Tony McDade, a Black Trans Man, Shot and Killed By Police in Florida

While activists around the county are protesting against police brutality and the publicized deaths of George Floyd and Breonna Taylor, both of whom have recently been killed by police, there’s one name that seems to be missing from a lot of the conversation.

38-year-old Tony McDade, a Black trans man was shot and killed by police — just last week — in Tallahassee, Florida.

via Them:

McDade, who was initially referred to as a woman by the local news station WTXL, was allegedly wielding a gun when he was shot five times by an officer responding to an earlier attack. In a recorded press conference at the scene of the shooting, Tallahassee Police Department Chief Lawrence Revelle explained to reporters the sequence of events that transpired.

“Our officer called out, ‘Shots fired,’” Revelle said. “He said over the radio that the suspect had pointed a gun at him. The suspect was in possession of a handgun, and a bloody knife was found at the scene.”

Revelle subsequently described the suspect as a Black woman in dark clothing, despite McDade’s trans masculine identity. The suspect had been pursued for an earlier stabbing.

According to TPD, the responding police officer has been placed on administrative leave pending an investigation. The name of the responding officer has not been released to the press. When them. reached out for comment on this story, a TPD representative had no further comment beyond a press release posted the same day.

Facebook Live videos posted by residents of the Leon Arms Apartments, the community where McDade was killed, directly contradict statements made by TPD.

“[The police officer] jumped right out [of] the car and started shooting,” said resident Kim Simmons, who is later heard telling another witness that law enforcement officials “got out the car blasting.”

Another resident filming live across from Simmons exclaimed, “‘They said, ‘Stop moving, n****r!’ And then they shot him after he stopped moving.”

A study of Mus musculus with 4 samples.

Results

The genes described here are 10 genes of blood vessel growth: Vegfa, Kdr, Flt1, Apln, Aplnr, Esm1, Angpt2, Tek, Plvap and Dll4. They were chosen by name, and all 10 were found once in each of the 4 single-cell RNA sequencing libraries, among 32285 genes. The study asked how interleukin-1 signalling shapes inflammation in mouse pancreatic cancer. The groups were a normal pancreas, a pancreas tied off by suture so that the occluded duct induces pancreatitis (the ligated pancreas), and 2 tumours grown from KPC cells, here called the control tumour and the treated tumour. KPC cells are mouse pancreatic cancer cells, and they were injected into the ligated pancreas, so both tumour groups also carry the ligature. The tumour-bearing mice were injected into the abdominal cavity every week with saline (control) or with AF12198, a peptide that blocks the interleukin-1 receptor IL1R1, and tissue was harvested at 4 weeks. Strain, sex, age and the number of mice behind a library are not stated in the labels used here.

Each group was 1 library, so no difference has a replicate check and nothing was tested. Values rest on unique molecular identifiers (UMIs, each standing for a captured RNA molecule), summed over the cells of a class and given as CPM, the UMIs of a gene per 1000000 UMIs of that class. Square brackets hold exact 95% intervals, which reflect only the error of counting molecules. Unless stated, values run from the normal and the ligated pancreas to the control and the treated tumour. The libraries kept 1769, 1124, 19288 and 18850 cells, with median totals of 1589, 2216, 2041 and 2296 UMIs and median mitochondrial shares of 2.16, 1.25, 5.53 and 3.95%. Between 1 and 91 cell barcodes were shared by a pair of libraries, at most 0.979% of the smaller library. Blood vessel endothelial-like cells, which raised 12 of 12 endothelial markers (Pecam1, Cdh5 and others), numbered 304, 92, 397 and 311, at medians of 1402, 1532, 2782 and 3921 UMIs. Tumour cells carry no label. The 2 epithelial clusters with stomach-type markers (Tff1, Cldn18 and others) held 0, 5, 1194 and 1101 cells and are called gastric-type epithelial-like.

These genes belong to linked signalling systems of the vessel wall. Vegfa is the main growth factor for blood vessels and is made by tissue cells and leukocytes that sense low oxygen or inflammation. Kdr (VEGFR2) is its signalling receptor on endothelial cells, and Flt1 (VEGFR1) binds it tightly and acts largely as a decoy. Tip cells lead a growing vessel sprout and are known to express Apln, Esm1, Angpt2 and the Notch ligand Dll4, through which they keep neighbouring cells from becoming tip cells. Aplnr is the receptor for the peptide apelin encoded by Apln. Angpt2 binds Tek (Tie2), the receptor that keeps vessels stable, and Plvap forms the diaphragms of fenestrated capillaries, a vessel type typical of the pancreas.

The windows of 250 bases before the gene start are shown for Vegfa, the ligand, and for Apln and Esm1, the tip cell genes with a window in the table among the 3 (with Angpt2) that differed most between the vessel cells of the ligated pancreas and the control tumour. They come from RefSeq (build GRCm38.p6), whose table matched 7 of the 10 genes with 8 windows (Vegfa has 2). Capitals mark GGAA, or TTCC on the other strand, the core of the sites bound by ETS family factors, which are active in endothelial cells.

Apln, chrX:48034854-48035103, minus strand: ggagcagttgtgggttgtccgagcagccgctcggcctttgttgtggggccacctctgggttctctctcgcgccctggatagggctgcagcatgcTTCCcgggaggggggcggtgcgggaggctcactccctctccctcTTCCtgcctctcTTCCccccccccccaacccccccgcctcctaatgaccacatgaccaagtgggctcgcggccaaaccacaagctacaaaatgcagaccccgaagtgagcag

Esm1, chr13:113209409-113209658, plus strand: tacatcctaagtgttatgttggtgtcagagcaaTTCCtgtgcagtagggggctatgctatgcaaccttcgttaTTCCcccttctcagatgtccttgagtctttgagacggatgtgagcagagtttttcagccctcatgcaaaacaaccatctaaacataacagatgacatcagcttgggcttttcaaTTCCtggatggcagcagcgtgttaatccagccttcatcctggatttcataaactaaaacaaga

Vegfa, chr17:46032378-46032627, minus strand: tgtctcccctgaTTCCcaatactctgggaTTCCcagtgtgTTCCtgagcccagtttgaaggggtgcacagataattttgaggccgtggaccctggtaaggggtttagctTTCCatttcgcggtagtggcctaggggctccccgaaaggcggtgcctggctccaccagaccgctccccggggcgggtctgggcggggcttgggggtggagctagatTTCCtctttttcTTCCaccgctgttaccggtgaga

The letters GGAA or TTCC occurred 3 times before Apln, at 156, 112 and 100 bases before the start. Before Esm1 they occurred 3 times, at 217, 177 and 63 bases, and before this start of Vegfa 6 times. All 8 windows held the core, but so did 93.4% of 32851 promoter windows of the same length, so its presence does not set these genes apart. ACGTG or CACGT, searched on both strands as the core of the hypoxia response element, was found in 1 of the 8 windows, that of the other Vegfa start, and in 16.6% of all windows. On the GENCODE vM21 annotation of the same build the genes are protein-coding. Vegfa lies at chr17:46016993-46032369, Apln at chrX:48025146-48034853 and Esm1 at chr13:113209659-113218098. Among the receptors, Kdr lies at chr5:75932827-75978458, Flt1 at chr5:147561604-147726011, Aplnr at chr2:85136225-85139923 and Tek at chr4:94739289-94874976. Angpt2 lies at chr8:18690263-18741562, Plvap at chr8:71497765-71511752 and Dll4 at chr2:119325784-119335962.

An eyewitness statement was provided by Leon Arms resident Clifford Butler in an interview with WSFU Media shortly after the shooting, and his recollection of events match those of others at the scene. “I never heard, ‘Get down, freeze, I’m an officer,’” he told the news station. “I never heard nothing. I just heard gunshots.”

Butler described McDade as standing still and not moving when confronted by police. He reiterated that the officer jumped out of his vehicle with a gun in hand and shot without warning while McDade stood still.

A chilling Facebook Live video posted hours before McDade’s death raises further questions about what took place. McDade said he was viciously attacked by four individuals and vowed to retaliate against the assailants. During the hour-long message, McDade spoke at length about a suicide mission in which he vowed to assault those who would attempt to prevent him from seeking revenge.

While McDade was brandishing a gun in the video, it is unclear if the weapon was in his possession at the time of his death. Multiple witnesses at Leon Arms said McDade did not have a gun in hand at the time of the shooting.

In a statement, Equality Florida Executive Director Nadine Smith said the incident is reflective of the plight of Black trans people in Florida.

“Florida is an epicenter of anti-trans violence, with seven Black transgender women having been brutally murdered over the last two years,” Smith said. “And often, these murders involve misgendering by the TPD and local media.”

Local police enforcement and news outlets have consistently deadnamed trans homicide victims. As recently as September 2019, a slain trans woman, Bee Love Slater, was both deadnamed and misgendered in reports of her death, referred to by Hendry County Sheriff’s Office as “he” in an official press release.

Outside of family members, many community members — including musician and friend Royce Hall — have verified that McDade identified as a man and used he/him pronouns.

“I know for sure he definitely addressed himself as Tony, sometimes Tony the Tiger,” Hall said in a direct message via Instagram. “He was very well known growing up, so the name assigned to him at birth began to have its own ring to it. However, he did affirm himself as Tony and as a brother. He was very intelligent and very self-aware.”

McDade used various pronouns during the aforementioned Facebook Live broadcast but frequently referred to himself as he.

Justice for Tony. Black Trans Lives Matter.